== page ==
After Fatal House Explosion, Colorado Seeks New Pipeline Regulations
State oil and gas oversight agency scrambling to keep up with regulatory directives
Colorado Gov. John Hickenlooper (D) has ordered comprehensive inspections, along with new monitoring and testing procedures, for all oil and gas pipelines located near houses and other buildings across the state. The action follows an April gas explosion in a northern Colorado home that killed two people.
Hickenlooper gave oil companies working in the state 30 to 60 days to locate and test flowlines within 1,000 ft of any occupied building and called for all pipelines, whether operating or not, to be mapped and their locations made public.
Colorado currently maps all oil and gas wells in the state but does not maintain a database of underground pipelines. The governor also ordered that all abandoned pipelines at least 3 ft below the surface be marked, cut and capped.
"I don't think it's unreasonable for that to be public information," Hickenlooper told the press after the announcement. "It would probably take legislation … but their locations should be a matter of public record."
Democrats in the Colorado statehouse proposed a bill near the end of the 2017 legislative session that would have forced oil and gas companies to reveal the locations of all pipelines and for the state to map them and create a locator database. The proposal, which was opposed by industry groups and most Republicans, was killed during the last day of the session on May 10.
Meanwhile, in the north Denver suburb of Thornton, officials announced that the city will begin publishing reports on all oil and gas wells operating within the city limits and will update its rules to inform and safeguard the public about well operations. "The safety of people living and working in Thornton is of primary concern for the city council," city leaders said in a statement.
These actions and the governor's May 2 directive arose in response to the April 17 explosion that destroyed a home in Firestone, Colo., north of Denver. The blast killed two men working on a hot water heater in the home's basement and critically injured a woman inside the house.
The governor called the incident "a tragedy of immense intensity" and vowed that it would never happen again.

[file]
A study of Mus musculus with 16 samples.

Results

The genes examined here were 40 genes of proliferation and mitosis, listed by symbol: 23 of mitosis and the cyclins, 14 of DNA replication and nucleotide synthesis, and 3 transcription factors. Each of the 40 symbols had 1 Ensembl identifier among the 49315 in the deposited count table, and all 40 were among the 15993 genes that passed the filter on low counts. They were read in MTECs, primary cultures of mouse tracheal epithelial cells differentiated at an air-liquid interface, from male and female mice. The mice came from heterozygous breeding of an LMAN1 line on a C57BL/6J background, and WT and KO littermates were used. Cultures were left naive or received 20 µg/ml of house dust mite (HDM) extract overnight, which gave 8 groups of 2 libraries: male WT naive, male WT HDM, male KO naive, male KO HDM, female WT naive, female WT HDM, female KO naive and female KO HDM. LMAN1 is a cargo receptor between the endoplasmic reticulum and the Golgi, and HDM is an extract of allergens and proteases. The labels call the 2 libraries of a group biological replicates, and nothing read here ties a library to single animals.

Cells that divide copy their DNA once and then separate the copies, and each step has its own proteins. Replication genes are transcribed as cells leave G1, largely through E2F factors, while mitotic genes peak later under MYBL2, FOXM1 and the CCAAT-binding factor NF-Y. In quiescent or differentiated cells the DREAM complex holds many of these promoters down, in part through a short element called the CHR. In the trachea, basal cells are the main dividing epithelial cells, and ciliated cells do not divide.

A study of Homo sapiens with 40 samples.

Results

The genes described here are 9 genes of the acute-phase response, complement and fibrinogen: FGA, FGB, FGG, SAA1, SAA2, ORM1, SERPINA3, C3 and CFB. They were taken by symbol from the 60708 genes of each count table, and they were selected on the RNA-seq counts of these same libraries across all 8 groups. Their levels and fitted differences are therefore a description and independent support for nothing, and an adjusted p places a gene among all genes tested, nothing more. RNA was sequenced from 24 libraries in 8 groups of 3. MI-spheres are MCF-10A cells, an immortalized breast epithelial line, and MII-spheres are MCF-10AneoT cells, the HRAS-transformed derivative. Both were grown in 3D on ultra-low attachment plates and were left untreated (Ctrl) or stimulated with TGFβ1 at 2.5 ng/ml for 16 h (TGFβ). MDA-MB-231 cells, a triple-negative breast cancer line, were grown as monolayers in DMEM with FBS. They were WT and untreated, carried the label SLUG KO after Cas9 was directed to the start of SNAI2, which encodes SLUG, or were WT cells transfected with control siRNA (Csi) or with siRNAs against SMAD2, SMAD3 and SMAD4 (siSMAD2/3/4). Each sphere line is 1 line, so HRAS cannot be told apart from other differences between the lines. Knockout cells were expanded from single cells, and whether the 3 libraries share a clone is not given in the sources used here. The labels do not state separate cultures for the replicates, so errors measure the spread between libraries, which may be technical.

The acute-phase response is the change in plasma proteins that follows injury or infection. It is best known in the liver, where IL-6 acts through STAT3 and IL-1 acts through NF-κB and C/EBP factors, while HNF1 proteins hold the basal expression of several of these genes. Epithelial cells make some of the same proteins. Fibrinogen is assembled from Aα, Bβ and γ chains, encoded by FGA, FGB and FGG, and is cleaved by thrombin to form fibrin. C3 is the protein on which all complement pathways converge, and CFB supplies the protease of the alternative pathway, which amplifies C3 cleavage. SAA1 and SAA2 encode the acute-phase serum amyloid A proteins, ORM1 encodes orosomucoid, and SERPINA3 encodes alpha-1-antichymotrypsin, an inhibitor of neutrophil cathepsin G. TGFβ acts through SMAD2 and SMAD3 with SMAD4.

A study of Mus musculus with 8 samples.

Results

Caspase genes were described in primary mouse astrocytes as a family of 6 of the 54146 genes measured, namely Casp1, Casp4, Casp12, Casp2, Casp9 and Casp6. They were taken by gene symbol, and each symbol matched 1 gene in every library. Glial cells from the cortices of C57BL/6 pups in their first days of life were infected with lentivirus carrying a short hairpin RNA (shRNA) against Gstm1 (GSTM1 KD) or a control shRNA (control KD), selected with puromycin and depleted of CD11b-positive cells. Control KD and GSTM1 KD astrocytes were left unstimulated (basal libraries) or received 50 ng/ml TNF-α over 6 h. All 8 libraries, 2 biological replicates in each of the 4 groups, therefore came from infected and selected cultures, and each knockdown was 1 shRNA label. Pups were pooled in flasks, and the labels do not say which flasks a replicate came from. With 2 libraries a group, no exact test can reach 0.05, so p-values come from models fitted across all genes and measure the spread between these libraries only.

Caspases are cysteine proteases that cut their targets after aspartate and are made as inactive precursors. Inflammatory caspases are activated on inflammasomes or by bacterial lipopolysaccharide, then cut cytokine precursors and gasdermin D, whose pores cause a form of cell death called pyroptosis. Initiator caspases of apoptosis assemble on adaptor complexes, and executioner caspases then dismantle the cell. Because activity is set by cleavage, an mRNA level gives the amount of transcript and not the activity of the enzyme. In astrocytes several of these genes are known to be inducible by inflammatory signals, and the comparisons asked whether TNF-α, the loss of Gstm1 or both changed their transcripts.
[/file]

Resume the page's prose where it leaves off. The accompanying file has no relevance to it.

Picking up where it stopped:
Local fire officials said the commercial gas line to the house had been turned off, but investigators determined that the explosion was caused by a buildup of methane and propane leaking into the home's basement from an open pipeline buried about 7 ft below ground and severed only 6 ft from the foundation.
It is still not clear how the flowline was cut, and even though investigators believe the line was abandoned and had not been capped, it remained connected to a working gas well owned by Anadarko Petroleum Corp. The well is situated less than 200 ft from the house, although investigators said the home's proximity to the well likely was not related to the explosion.
An investigation conducted after the blast revealed that the switch for the uncapped flowline was in the open position. Fire officials say that the odorless, colorless gas probably seeped into the house from the ground through a sump pump pit and a French drain. Officials say that a simple pressure test, had one been done, could have shown that the pipe was cut and had not been capped.
However, no comprehensive programs are in place to test and monitor pipelines. The Colorado Oil and Gas Conservation Commission, which oversees the industry for the state, mandates that pipeline owners or operators notify the commission and local municipalities about abandoned flowlines, which must then be drained and sealed. But COGCC admits it doesn't know where all the pipelines are located. The agency has only three employees to monitor and test the state's 53,000 wells, and those personnel have been in place for only a year.
Local municipalities work with developers and contractors to determine where building is permitted in relation to existing pipelines. Among the options being considered by the state are increasing the number of well and pipeline inspectors and improving monitoring procedures. That could include requiring well operators to tighten their mapping and testing protocols.
Anadarko shut down 3,000 of its vertical wells in northeastern Colorado on April 27, out of "an abundance of caution," the company said in a statement. Anadarko is one of the largest well operators in the state. Al Walker, Anadarko president, said the company is "very saddened by the events in Colorado" and will "work very hard to understand it better." Still, Anadarko says it plans to increase its drilling operations in northeastern Colorado.
Potential clashes between oil and gas operators and homeowners have been exacerbated by Colorado's rapid growth and high in-migration, which is especially acute north of Denver. Weld County, where thousands of wells are located, is one of the fastest-growing counties in the country. The home leveled by the blast was part of a new housing development in the area.
The Firestone blast is reminiscent of a 2010 gas explosion in San Bruno, Calif., where a ruptured Pacific Gas & Electric natural gas pipeline erupted into a wall of flames more than 1,000 ft high. The blaze leveled 35 houses and killed eight people, most of them in their homes.
A 2015 gas leak in Southern California's Aliso Canyon arose from the second-largest gas storage facility of its kind in the U.S. More than 100,000 tonnes of methane and ethane gas were released into the atmosphere, making it one of the worst single natural gas leaks in U.S. history in terms of environmental damage.